Posted by: Glow-worm PJ13 JUN 2012
In 2006, the United Nations passed a resolution designating 19 June as World Sickle Cell Day, with the aim of raising awareness of sickle cell disease, which is one of the world’s most lethal genetic diseases. It is hoped that better access to education and treatment will lead to a reduction in mortality from malaria and the risk of HIV infection, both complications associated with sickle cell disease.
Sickle cell disease is caused by a genetic defect producing an abnormal type of haemoglobin called haemoglobin-S, which alters the shape of red blood cells, especially in conditions of low oxygen concentration, causing the cells to become crescent, or sickle-shaped. The abnormally shaped cells deliver less oxygen to the tissues, and are more likely to become stuck in smaller blood vessels, breaking into pieces and interrupting blood flow. The sickle cells are broken down after only 20 days compared with 120 days for normal red blood cells, causing pressure on folic acid levels.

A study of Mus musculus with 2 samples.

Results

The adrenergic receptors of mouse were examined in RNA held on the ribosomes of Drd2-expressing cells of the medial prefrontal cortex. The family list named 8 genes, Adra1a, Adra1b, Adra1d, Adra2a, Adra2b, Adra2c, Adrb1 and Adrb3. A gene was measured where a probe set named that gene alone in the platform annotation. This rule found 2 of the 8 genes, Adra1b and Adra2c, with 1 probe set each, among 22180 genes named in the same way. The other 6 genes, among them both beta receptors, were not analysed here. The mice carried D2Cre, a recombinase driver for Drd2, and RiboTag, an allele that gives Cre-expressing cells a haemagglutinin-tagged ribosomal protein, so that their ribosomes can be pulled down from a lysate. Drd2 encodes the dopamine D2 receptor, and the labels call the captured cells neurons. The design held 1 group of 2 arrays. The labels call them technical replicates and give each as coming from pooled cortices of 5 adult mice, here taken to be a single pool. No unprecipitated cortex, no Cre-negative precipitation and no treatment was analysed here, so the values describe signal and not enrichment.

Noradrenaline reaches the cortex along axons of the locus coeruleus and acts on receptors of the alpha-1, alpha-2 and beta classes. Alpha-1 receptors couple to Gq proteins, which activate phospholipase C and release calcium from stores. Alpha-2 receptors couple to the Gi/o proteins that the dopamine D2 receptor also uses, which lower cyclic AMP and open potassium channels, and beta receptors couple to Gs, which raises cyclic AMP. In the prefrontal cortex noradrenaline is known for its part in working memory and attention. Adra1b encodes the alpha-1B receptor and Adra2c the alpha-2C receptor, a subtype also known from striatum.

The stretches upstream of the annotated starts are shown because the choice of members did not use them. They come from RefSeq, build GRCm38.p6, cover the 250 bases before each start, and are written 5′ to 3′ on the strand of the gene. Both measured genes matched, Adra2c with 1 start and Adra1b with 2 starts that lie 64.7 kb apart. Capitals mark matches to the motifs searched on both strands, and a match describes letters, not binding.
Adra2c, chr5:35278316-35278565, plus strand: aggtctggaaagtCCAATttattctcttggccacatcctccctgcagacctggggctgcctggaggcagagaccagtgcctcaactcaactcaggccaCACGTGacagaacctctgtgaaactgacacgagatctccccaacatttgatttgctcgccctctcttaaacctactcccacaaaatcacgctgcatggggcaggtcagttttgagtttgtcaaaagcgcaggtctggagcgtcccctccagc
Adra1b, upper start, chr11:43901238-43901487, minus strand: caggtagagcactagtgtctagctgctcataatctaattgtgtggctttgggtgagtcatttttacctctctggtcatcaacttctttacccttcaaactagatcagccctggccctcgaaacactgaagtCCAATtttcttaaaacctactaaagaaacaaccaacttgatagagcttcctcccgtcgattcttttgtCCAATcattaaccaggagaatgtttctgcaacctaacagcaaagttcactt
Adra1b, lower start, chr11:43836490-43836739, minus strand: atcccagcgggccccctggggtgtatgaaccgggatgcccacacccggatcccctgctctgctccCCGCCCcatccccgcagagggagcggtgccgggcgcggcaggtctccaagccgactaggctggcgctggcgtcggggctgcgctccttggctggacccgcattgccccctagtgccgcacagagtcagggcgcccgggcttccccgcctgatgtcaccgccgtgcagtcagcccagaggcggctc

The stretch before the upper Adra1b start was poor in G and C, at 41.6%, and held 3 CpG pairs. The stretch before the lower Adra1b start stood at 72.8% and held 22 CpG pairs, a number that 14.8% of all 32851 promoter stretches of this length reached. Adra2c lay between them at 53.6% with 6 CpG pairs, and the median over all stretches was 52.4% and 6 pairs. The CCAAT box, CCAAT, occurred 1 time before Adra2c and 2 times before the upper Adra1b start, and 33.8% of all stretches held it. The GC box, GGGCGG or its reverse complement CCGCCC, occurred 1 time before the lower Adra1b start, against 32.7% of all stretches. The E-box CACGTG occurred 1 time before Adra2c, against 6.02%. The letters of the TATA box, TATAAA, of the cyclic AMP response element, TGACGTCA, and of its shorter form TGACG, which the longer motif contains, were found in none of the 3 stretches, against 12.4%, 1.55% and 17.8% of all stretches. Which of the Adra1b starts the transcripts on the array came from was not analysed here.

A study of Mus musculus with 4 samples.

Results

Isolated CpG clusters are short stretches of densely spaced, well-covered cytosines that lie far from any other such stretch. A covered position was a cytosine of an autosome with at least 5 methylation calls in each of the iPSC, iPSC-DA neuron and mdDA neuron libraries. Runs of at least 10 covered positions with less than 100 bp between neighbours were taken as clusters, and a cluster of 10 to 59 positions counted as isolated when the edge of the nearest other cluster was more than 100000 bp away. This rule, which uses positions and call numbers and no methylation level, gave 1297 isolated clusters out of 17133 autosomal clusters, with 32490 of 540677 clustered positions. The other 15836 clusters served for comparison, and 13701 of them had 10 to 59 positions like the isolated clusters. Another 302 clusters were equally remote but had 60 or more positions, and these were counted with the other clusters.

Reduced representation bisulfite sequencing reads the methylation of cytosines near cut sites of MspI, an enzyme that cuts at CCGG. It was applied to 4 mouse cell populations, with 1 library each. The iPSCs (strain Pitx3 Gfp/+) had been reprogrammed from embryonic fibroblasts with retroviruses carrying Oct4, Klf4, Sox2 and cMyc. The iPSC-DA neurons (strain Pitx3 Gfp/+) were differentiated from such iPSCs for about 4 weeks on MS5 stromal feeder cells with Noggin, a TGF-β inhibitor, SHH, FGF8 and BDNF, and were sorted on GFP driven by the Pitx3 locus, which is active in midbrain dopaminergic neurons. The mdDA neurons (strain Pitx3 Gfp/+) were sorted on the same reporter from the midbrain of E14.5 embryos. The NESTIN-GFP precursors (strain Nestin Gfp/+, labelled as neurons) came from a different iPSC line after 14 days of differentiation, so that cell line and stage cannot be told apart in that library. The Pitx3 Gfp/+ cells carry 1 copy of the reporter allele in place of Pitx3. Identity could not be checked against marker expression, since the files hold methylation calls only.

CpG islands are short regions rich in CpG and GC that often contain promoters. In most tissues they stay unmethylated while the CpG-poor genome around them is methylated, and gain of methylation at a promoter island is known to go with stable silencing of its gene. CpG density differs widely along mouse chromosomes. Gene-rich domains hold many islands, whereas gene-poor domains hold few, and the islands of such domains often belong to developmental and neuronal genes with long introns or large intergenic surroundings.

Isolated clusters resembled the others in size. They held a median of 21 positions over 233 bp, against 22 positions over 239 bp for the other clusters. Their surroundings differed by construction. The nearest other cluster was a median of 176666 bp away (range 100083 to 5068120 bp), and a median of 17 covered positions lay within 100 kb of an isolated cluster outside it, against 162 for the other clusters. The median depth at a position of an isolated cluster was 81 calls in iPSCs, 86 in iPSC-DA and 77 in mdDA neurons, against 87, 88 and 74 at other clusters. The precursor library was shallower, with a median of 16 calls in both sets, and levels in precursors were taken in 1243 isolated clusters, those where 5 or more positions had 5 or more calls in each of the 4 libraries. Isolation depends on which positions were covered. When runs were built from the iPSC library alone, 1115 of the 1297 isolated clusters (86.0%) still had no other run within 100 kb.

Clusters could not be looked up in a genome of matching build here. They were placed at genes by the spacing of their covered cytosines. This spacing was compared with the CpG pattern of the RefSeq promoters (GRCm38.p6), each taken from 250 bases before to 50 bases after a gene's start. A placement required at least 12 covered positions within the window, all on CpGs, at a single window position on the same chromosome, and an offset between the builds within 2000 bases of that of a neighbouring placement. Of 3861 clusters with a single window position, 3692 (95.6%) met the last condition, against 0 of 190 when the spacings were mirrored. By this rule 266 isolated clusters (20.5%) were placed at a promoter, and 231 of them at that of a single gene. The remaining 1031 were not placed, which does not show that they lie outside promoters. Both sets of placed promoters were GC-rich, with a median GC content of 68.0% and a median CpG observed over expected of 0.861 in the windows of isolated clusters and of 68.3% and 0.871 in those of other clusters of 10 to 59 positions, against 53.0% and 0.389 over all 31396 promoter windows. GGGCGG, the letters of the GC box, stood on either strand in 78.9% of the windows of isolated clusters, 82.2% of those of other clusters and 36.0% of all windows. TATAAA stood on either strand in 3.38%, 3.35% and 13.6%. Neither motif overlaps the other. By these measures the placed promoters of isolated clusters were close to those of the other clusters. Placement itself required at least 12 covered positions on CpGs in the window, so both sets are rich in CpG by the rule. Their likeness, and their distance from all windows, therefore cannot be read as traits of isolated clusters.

The disease causes chronic pain and fatigue. It affects about 2 per cent of black people of African origin, as well as people of Mediterranean and Middle Eastern descent to a lesser extent.
The sickle cell gene is thought to have evolved only 40,000 years ago, as a defence mechanism against malaria. The early elimination of the sickle cells has the benefit of increasing the survival prospects against the plasmodium parasite. Management is aimed at preventing infections, organ damage and strokes. The condition can also cause sight problems through damage to the blood vessels in the retina.
Treatment consists of courses of antibiotics, oxygen therapy, blood transfusions and analgesics. Folic acid is given as a precaution against deficiency. However, even with improved treatment, life expectancy is still only just over 50 years for sufferers in the UK.